Korea Blog: Old Man Gobau, the Unflappable Comic-Strip Star Who Witnessed South Korean History
Start asking Korean high-school students what career they want, and — assuming they’re giving the honest answers rather than the prestige answers — it won’t be long before someone says they want to be a comic artist. Or rather, they’ll probably say “webtoon” artist, that being the term of art for the form of comics now seen on screens all around the country. Unlike the horizontal newspaper comic strips I grew up reading in America, webtoons read vertically, from top to bottom, not for any reason to do with the now horizontally-written Korean language but for better scrolling on a cellphone. Though digital, the format also harks back, if inadvertently, to the progenitor of all modern Korean comics: Old Man Gobau (고바우 영감), whose four vertical panels appeared in national newspapers daily for 45 years, from not long after the Korean war until the final year of the 20th century, and whose creator Kim Seong-hwan died last month at the age of 86.
Only the rare teenager has thus actually read Kim’s strip, given that its long run — the longest of any comic strip in Korean history — ended the same year the oldest among them was born. But most of them will recognize Gobau himself, with his round spectacles and the single hair sprouting from his flat head. In one of the 14,139 daily strips in which he stars, Gobau explains that he began with three hairs but lost one during the Japanese occupation of Korea, and another during the Korean war. That Kim made it to the end of his life with much more hair than his signature creation was a stroke of luck, given all he’d experienced: born in Japanese-occupied northern Korea in 1932, he had the misfortune to be 17 years old at the outbreak of the war. It wasn’t long thereafter, in hiding from the North Korean troops sweeping every occupied Southern city for able-bodied young men to conscript, that he came up with the name Gobau, meaning a strong or stubborn rock, which he first adopted as a nom de plume.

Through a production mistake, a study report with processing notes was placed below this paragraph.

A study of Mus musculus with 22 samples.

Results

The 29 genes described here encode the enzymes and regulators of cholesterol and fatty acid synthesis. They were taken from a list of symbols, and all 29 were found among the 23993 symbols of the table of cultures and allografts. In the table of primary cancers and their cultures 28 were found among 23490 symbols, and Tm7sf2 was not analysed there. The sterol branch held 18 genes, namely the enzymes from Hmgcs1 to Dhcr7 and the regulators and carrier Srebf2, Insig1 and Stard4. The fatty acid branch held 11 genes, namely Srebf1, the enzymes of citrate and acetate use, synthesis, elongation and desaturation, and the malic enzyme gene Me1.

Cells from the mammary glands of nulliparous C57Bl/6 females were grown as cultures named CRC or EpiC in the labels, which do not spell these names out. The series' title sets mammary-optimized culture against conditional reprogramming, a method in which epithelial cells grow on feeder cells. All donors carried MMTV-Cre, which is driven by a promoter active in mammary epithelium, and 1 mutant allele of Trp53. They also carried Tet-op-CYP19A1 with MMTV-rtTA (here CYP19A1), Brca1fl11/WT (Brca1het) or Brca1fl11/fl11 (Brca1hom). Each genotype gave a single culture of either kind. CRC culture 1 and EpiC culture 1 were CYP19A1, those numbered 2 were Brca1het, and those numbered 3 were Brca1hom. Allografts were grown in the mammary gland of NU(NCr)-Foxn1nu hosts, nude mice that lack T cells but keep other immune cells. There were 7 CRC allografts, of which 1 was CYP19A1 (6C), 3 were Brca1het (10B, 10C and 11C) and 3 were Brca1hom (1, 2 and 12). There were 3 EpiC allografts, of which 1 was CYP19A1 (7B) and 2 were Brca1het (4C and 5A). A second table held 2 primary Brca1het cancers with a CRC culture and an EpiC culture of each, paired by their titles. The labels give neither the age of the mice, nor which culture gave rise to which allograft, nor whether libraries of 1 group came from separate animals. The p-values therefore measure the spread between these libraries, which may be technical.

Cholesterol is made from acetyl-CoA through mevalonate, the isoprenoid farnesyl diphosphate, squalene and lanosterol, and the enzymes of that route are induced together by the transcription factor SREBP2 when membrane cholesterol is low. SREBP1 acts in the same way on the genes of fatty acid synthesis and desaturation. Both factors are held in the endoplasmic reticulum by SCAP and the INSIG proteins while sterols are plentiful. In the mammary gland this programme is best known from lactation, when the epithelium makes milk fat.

“A high-school student and part-time magazine illustrator when North Korea invaded,” journalist Andrew Salmon writes of Kim in The Asia-Pacific Journal, “he recorded the dramatic events of those days in unique style: with that blend of delicate Oriental watercolors and the sensitive pen cartoons that would later become his trademark. After Seoul’s September 28th 1950 liberation, he was employed as a war artist by the Ministry of Defense, but it is his early sketches that capture what it was like to be a civilian on the peninsula in the midst of total war.” The sights Kim saw, drew, and painted included the smoke and flames of the fighting drawing ever nearer; hopelessly ill-equipped South Korean troops, North Korean tanks rolling through a fallen Seoul; his terrified and disconsolate countrymen; and plenty of dead bodies, both Southern and Northern. He then bore witness to the waves of joy and sorrow that accompanied South Korea’s transformation from an impoverished, shell-shocked half of a country into an industrial society that quickly joined the ranks of the world’s most highly developed nations.
Read the whole thing at the Los Angeles Review of Books.